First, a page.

Frequently Asked Questions

Theocentric Thinking:
Q&A Based on Dr. Master’s Curriculum

Part Four of Four:

As prospective students peruse Dr. Paul Leon Masters’ curriculum samples (Doctoral Program Curriculum Excerpts, Theocentric Psychology Curriculum Excerpts) and current students begin their mystical journey with the University, questions of a deeper spiritual nature arise. We received the following question from one such student and felt the answers were worth sharing with students, graduates, and others, who seek a richer perspective of Dr. Master’s teachings. Note: If you haven’t already read Part One of Four, you may do so by clicking on this link: Part One. Read here Part Two of Four. For Part Three of Four click this link: Part Three.

Questions and Answers

1- Does Dr. Masters’ work support the idea that “Out of loving desire to see us fully connected and evolved in our consciousness of God, God-Divine Source is constantly giving us opportunities and encouraging our evolution through spiritual messages, synchronicities, and physical circumstances to recognize the Higher Mind and seek to connect to it?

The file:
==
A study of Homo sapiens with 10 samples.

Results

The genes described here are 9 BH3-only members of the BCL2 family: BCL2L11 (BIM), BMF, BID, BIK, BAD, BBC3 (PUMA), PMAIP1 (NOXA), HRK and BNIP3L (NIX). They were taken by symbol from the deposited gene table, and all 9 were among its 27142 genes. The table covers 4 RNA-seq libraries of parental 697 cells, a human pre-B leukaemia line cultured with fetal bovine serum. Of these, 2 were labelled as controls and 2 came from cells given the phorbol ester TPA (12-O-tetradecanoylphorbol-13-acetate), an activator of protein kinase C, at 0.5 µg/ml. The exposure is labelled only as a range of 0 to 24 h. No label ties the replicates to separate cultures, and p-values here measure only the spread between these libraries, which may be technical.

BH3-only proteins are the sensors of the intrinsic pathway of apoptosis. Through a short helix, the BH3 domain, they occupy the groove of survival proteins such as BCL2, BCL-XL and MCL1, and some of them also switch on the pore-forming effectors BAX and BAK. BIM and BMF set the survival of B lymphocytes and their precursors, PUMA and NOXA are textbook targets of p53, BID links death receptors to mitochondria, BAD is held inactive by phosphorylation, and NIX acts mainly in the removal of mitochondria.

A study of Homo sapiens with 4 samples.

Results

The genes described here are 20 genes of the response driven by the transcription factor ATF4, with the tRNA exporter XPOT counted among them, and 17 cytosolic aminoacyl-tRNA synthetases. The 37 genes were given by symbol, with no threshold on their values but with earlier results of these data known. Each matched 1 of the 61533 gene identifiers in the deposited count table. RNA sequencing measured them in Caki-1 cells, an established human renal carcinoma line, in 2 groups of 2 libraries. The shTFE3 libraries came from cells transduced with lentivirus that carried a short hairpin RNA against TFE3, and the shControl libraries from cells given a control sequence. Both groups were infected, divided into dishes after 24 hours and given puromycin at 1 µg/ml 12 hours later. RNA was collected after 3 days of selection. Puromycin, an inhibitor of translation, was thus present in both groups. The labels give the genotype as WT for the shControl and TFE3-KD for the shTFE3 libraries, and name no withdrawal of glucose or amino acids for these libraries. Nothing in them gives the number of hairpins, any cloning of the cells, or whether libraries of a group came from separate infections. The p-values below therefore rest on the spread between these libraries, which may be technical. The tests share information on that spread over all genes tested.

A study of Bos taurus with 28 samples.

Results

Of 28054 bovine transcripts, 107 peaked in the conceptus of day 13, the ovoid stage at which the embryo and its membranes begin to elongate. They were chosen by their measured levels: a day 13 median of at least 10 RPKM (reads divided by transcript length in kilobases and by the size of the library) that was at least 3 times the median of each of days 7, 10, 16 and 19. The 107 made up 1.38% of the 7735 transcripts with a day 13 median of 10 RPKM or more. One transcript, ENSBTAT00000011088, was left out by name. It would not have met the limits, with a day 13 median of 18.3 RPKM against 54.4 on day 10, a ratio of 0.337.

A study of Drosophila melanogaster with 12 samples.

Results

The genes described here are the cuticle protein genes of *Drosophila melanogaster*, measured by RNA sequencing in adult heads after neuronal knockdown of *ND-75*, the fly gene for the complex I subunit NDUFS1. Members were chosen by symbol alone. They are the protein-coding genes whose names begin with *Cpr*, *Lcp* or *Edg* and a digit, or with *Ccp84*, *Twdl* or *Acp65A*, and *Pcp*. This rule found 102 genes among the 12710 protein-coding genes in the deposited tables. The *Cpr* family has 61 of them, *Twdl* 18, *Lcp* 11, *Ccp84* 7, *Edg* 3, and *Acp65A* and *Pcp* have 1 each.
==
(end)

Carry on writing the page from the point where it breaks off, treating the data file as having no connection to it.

Absolutely! “God, within you, works through your mind to lead, guide, and direct you to be at the right place, at the right time, in the right way to receive the good that God has directed to you” (Masters, Theocentric Psychology, 1: 12). Dr. Masters often refers to this as Intuitive guidance: “Much of the intuitive guidance will direct you in how to be at the right place, at the right time, with the right people. In other words, God is trying to position you in such a way [that] everything comes together harmoniously for you, thus creating an atmosphere conducive to re-creating your life” (Masters, Theocentric Psychology, 1: 12).

“You find that you often are in the right place, at the right time, with the right person or persons to experience good in your life. God is directing you under the Divine Law of Attraction. When you come to experience and know this, you feel what real magic orchestrated by God is really like” (Masters, Theocentric Psychology 1: 115).